July 13, 2010 -- Drivers in New Jersey who don't speak English must be informed of the consequences of refusing to take an alcohol breath test in a language they understand, the state Supreme Court ruled Monday.
No other states require translations of the statement, though some, including New York and Washington, provide access to translators, and others, including New Jersey, have made some translations available by computer or in print, says Jeffrey Mandel, who filed a brief in support of the Marquez case for the state's Association of Criminal Defense Lawyers.
"I think other states are going to follow New Jersey's lead," Mandel says. "It should not logistically be an issue for police departments — every department has access to computers, with laptops in cars or at stations." The ruling does not require translators be available on short notice or allow for a "too drunk to understand" defense.
State Attorney General Paula Dow's office maintained state law did not require the statement to be understood, just that it be read. Spokesman Peter Aseltine says the decision gives immunity to any drunken driver who speaks a language that the officer is unable to identify or translate.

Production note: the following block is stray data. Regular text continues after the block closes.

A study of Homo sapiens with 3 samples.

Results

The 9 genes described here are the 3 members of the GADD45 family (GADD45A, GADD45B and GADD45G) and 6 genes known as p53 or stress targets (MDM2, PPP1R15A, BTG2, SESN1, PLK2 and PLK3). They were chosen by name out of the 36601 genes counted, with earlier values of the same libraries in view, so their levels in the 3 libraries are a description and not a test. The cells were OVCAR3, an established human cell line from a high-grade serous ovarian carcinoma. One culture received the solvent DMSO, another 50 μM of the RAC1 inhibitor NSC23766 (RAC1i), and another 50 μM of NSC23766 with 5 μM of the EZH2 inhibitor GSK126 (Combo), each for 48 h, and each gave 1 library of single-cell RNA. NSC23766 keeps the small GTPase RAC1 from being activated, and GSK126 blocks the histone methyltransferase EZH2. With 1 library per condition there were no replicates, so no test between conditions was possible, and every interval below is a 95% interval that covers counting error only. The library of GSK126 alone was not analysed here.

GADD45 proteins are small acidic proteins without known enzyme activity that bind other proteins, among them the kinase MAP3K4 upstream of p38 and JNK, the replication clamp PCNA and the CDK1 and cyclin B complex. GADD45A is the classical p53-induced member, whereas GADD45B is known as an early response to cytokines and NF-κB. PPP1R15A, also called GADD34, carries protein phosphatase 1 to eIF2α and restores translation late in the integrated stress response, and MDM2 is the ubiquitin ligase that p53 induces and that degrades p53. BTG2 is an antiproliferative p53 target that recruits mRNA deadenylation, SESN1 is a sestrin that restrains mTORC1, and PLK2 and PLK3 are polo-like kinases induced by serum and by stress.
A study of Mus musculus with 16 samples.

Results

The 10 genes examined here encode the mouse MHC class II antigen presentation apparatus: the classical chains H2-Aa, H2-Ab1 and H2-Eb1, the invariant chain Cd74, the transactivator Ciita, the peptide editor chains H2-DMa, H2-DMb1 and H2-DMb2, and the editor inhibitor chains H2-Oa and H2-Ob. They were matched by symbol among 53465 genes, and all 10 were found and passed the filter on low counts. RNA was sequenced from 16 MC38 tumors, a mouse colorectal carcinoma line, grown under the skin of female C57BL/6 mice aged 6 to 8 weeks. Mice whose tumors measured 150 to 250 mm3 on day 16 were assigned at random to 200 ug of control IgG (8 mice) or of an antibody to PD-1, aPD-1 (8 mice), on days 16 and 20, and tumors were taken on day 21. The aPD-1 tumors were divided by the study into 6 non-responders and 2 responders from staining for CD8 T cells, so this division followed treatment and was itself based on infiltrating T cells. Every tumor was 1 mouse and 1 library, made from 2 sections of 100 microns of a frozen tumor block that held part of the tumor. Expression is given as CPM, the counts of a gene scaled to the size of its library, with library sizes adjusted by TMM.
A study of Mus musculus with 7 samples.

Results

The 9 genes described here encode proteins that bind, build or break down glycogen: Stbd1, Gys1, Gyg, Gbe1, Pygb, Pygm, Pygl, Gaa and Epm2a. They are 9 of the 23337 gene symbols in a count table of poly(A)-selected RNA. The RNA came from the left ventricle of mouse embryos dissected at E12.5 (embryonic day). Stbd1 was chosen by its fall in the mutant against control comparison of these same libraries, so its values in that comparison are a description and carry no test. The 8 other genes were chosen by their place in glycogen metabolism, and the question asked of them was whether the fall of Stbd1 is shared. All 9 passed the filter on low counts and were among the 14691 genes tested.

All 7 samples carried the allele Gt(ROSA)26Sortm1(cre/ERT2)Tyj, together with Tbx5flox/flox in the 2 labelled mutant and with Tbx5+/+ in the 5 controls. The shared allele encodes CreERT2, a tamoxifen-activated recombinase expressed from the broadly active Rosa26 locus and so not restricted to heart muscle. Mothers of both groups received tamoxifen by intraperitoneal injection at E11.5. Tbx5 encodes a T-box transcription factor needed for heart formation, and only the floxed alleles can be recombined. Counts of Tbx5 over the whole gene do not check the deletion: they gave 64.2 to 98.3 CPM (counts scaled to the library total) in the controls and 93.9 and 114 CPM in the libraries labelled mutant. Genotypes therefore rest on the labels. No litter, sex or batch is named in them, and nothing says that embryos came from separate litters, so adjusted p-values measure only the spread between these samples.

"There are over 150 different languages spoken in New Jersey," Aseltine says.
Since April, New Jersey has provided police with a website with the statement in audio and written form in 10 languages widely spoken in the state. State police have used the website at headquarters before administering the breath test, said a spokesman, Detective Brian Polite, but there are no statistics available as to how often.
Parsippany, N.J., Police Chief Michael Peckerman says that typically, all drivers charged with driving while impaired are read the statement at the station prior to police trying to administer the breath test. He could not say whether the foreign-language website had been used yet in Parsippany. He says he expects the case will result in more litigation as defense attorneys try to push the limits of the new ruling.
Martin Perez, president of the Latino Leadership Alliance of New Jersey, called the ruling "a step forward" to dealing effectively with the states' population. More than 1.5 million immigrants live in New Jersey, and a quarter speak a language other than English at home, according to U.S. Census statistics
"If you can use the language a person speaks, it benefits not only that individual person, but the police work as well," he said.